Turner to Monet
The triumph of landscape
14 Mar 2008—9 Jun 2008
The National Gallery of Australia proudly presents Turner to Monet: the triumph of landscape, the most comprehensive survey of 19th century landscape paintings ever assembled.
The exhibition, from 14 March to 9 June 2008, features more than 100 landscape masterpieces by many of the greatest artists of the time. Turner to Monet reveals the genre in its full glory—from its early predominance in Britain to extraordinary Romantic manifestations in Germany, France and the rest of Europe throughout the nineteenth century. Turner to Monet shows the spread of landscape painting to new territories in Australia and the United States of America where European artists extended the Western tradition.
Paintings by some of the world’s best known and most popular artists are included in the exhibition: JMW Turner, John Constable, Gustave Courbet, Camille Pissarro, Paul Cézanne, Vincent Van Gogh, Paul Gauguin and Claude Monet among others. Often overlooked by art historians, German, Swiss and Scandinavian artists feature in the exhibition alongside the popular Australian artists Eugène Von Guérard, John Glover, Tom Roberts and Arthur Streeton.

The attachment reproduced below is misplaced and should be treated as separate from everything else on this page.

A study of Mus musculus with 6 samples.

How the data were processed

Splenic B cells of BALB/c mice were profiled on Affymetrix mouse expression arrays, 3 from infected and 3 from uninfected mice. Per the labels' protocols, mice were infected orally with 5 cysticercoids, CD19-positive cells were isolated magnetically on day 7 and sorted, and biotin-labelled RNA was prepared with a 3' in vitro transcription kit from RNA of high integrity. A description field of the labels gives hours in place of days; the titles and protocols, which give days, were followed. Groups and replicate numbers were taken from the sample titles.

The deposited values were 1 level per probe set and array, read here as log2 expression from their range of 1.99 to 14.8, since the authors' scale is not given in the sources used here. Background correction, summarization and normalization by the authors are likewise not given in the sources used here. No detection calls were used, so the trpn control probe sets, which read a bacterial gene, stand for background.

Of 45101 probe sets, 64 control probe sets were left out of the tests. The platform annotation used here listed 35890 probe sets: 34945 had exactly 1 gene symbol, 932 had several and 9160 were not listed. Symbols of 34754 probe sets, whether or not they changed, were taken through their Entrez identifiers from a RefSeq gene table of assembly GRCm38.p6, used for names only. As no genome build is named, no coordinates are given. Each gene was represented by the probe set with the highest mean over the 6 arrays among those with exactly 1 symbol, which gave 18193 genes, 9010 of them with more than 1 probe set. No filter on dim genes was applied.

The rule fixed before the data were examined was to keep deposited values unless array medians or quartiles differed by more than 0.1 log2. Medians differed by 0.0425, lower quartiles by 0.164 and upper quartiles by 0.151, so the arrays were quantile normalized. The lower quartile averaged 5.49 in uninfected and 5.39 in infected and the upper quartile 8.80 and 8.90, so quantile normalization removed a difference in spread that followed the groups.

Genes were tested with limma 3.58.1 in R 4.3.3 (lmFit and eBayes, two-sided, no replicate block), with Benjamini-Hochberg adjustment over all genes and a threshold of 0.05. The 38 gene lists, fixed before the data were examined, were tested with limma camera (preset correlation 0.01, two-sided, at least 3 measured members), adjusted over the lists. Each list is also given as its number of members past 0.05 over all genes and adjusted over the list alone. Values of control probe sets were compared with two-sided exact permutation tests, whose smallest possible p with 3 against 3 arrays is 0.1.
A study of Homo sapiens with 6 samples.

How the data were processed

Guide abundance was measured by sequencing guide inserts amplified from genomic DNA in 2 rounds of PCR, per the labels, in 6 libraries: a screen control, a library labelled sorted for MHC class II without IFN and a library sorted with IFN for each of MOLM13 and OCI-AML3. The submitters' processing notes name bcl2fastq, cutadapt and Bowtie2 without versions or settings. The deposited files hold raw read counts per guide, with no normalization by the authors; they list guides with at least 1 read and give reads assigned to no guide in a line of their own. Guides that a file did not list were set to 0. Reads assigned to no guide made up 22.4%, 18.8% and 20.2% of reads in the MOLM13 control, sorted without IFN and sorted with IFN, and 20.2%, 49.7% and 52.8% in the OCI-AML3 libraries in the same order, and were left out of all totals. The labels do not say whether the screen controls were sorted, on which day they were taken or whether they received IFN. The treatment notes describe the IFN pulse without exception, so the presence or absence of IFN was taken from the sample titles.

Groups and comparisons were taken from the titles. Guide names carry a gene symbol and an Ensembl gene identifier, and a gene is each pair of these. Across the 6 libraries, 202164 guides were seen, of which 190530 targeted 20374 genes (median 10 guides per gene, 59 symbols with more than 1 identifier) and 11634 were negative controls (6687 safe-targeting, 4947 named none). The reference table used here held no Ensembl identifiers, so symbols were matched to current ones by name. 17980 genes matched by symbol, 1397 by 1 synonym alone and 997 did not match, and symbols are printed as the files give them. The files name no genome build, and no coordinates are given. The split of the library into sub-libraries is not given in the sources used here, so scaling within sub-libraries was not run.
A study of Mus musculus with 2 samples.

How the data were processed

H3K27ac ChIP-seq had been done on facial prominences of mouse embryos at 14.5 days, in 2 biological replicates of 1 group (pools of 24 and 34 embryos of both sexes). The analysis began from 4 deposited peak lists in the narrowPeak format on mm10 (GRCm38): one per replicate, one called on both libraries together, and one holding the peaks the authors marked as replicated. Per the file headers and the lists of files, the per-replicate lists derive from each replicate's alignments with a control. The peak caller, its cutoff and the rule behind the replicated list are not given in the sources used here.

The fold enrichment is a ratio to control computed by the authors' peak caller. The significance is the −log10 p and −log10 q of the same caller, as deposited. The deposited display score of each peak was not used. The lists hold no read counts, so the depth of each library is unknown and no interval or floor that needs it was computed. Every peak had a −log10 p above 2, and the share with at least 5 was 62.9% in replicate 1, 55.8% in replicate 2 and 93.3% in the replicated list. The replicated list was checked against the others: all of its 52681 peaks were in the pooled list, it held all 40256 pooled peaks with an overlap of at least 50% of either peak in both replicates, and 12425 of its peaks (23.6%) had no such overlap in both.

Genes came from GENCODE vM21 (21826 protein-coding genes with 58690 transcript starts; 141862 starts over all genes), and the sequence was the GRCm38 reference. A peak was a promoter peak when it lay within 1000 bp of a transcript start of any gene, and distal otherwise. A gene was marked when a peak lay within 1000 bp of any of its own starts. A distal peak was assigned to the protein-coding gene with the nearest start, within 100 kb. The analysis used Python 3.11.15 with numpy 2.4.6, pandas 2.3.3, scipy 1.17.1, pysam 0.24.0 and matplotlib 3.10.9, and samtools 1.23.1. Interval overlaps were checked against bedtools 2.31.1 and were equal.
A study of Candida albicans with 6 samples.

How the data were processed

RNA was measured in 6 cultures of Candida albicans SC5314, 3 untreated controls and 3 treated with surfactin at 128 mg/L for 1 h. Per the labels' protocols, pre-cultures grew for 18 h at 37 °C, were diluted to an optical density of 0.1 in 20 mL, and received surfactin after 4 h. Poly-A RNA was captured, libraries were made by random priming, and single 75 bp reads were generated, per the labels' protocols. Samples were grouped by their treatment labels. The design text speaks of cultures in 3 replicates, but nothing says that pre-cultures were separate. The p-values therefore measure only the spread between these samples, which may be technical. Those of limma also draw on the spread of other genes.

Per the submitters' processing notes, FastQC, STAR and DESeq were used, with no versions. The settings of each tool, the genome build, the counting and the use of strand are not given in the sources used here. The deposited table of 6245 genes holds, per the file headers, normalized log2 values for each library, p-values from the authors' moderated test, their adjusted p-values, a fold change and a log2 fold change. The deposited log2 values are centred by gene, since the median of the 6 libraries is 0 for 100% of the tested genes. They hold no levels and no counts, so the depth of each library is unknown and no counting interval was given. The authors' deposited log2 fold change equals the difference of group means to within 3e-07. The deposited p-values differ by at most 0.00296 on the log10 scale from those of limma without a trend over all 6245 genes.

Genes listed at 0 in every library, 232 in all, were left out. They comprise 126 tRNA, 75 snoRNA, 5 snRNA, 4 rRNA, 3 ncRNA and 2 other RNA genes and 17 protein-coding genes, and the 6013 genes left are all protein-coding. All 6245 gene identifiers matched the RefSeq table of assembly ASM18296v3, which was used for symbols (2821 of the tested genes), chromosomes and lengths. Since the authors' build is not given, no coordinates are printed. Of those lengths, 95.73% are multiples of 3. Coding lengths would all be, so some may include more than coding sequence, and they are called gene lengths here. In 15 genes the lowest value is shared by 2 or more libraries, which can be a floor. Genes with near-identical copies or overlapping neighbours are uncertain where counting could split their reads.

“This exhibition is a once in a lifetime opportunity to see works of art which have never been seen together in Australia before,” said Ron Radford Director of the National Gallery of Australia. “You won’t ever see works by all these artists together again as there isn’t a single collection in the world that has this whole gamut of 19th century landscape art.”
Works of art in the exhibition are drawn from 40 of the finest collections around the world including the Tate and the Royal Academy of Arts in London, the J Paul Getty Museum in California, the National Gallery of Art in Washington, and the Kröller-Müller Museum and the Van Gogh Museum in the Netherlands.
Turner to Monet: The Triumph of landscape was made possible by Art Indemnity Australia, an Australian Government program through which the Commonwealth acts as insurer in case of any loss or damage to an indemnified work of art. Without Art Indemnity Australia, the high cost of insuring significant cultural items would prohibit this major exhibition from touring to Australia.
Turner to Monet can be seen only at the National Gallery of Australia, Canberra.